As told to Sarah Goldstein
Mike Walrath was a classic dot-com kid, except that his response to the bust was to come up with an industry-changing technology platform. Right Media, which Walrath founded in New York City in 2003, hosts an exchange on which online advertisers and publishers buy and sell ads via live auction, with Right Media taking a cut of each transaction. Four years and four billion ad impressions per day later, Walrath sold 80 percent of the business to Yahoo (NASDAQ:YHOO) (which already owned the other 20 percent) for $680 million. Walrath is staying with his company.
I was hired by DoubleClick during the dot-com boom and stayed on through the bust. We survived the bust relatively unscathed, and watching the reorganizations and layoffs was a great opportunity to learn how to run a business. When 20 percent of the staff is laid off, there are a lot of things lying around unattended. DoubleClick was business school for me.
When DoubleClick's media business was sold, I went with the new company. But I was starting to get antsy--the laboratory had gotten smaller. I was getting pretty frustrated with the pace of innovation in the industry. But this was 2002--it was still the nuclear winter; there wasn't a lot of investment being made.
So in January 2003 I started Right Media. I called a friend of mine who had a company and said, Hey, I need a place to squat. They lent me a desk and an old computer and a storage space and I think I paid them $300 a month.
I had a customer at DoubleClick and when I told them I was leaving they said, "Hey, what are you going to do?" I said, "I'm going to start something," and they asked, "Well, do you need some seed capital?" Uh--yeah.
We basically started as consultants, doing whatever companies needed us to do--selling or buying, or consulting on how to operate sales or buy a business. Pretty quickly we decided that we wanted to actually put some of our ideas into practice. So we created our own online ad network, called Remix Media. It's still around today.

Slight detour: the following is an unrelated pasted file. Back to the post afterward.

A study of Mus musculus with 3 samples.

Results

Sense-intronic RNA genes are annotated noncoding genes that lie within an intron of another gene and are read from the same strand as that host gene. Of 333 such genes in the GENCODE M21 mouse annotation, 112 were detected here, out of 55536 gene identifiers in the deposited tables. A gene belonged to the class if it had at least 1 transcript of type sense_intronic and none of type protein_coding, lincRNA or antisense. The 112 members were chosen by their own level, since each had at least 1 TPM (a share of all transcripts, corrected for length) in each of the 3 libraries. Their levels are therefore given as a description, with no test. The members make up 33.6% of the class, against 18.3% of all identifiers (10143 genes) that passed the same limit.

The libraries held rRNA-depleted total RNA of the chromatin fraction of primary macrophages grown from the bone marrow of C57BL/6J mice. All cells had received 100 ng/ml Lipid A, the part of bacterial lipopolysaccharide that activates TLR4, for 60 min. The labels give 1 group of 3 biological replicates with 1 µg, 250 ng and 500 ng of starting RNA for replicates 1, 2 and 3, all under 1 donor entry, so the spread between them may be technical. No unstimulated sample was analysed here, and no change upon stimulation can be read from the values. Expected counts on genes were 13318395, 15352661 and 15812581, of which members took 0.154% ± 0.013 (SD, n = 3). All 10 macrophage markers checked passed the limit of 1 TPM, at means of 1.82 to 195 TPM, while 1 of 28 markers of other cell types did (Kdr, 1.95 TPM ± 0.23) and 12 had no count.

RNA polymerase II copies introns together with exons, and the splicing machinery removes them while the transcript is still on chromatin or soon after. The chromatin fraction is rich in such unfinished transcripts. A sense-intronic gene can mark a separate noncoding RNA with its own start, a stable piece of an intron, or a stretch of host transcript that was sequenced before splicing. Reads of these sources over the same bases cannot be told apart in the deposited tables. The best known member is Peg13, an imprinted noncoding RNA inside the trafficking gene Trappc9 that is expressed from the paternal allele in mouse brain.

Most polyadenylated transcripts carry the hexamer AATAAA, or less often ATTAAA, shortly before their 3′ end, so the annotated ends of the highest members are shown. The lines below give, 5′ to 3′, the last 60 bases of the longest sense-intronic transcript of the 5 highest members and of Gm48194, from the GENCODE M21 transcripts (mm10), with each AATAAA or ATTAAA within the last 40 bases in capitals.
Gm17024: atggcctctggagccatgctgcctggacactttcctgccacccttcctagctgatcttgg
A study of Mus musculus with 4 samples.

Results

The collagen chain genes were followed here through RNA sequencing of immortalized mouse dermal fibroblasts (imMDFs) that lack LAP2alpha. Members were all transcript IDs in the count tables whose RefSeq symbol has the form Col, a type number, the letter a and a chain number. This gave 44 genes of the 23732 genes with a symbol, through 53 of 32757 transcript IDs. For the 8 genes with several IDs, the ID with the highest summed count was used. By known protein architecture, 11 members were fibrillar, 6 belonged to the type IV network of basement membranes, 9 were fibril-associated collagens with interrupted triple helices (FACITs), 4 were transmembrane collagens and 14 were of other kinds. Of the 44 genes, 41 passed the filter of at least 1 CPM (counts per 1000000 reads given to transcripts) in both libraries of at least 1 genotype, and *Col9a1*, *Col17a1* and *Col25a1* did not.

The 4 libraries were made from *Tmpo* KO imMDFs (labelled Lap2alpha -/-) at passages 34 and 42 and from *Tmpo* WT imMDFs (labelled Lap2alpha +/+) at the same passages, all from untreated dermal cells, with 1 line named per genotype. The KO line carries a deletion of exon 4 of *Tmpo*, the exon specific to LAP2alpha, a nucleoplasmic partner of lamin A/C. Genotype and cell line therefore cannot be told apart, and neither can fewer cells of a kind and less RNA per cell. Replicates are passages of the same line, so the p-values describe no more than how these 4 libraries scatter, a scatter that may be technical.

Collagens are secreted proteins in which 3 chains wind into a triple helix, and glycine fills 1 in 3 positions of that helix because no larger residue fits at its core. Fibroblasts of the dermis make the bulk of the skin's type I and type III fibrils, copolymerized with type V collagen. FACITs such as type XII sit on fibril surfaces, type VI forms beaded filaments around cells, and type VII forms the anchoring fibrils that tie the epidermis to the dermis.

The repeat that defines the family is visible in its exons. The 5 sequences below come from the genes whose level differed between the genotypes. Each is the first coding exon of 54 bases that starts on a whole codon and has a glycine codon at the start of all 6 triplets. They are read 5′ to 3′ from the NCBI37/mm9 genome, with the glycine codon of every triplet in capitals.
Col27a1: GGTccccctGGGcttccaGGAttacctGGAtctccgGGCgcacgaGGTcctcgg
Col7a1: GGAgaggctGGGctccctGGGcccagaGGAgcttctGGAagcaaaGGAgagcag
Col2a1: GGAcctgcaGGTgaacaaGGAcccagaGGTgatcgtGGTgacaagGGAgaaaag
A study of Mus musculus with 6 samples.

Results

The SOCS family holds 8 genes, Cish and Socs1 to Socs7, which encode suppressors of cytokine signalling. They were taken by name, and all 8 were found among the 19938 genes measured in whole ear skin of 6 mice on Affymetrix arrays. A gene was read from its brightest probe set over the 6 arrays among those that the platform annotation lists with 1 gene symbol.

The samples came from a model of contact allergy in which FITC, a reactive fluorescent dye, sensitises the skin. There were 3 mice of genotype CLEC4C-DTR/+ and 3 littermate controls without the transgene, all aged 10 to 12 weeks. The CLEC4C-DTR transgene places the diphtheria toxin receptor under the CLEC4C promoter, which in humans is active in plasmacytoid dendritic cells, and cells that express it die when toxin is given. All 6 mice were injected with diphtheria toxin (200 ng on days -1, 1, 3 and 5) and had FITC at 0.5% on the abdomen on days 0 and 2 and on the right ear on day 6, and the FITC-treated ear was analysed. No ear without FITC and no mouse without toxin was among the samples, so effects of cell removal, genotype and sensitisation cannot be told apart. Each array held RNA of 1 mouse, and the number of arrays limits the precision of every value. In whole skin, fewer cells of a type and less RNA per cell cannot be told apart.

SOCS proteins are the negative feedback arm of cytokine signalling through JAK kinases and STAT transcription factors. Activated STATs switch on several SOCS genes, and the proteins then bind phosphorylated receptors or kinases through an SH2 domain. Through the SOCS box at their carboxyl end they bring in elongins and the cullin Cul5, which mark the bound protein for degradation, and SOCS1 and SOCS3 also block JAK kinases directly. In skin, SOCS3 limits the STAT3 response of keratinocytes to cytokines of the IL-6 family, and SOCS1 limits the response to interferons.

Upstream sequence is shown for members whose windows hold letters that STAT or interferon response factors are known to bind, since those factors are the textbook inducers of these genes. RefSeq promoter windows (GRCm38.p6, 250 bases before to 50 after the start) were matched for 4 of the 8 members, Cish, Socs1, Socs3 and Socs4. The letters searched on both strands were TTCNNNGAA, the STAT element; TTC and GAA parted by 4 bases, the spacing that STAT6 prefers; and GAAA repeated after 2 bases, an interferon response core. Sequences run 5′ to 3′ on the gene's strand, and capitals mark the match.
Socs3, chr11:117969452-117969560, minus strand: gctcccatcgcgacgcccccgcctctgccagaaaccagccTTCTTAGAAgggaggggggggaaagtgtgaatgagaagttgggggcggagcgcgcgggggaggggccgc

As an ad network we were working with both buyers [advertisers] and sellers [Web publishers]. What we realized while doing this was how inefficient and opaque the market was and how little information companies had about the prices they were paying as a buyer or the revenue they were getting as a seller.
That's when the vision for the exchange solidified. It was to create an open and transparent marketplace. Most people thought we were just out of our minds. "The advertising business has been inefficient and not transparent and built on relationships for decades and you're not going to change that." We heard a lot of that. Or, "What you're trying to do is just technically too hard. You can't auction a hundred thousand ads a second to thousands of buyers and sellers." So I think there was a certain hardheadedness on our side.
The nice thing about our deal with Yahoo is that there wasn't really that unknown regarding what they wanted to do with our business. Yahoo was an investor in the company, so we got to know the Yahoo executives and culture very well. If I were advising other entrepreneurs, I'd say that if you care deeply about your business and you're thinking of selling and staying on with the new company, your No. 1 concern should be whether the buyer's vision and ideology align with yours. Once you've given your blood, sweat, and tears to building a successful business, it's hard to imagine anything more painful than having to watch, or even participate in, the destruction of what you've built.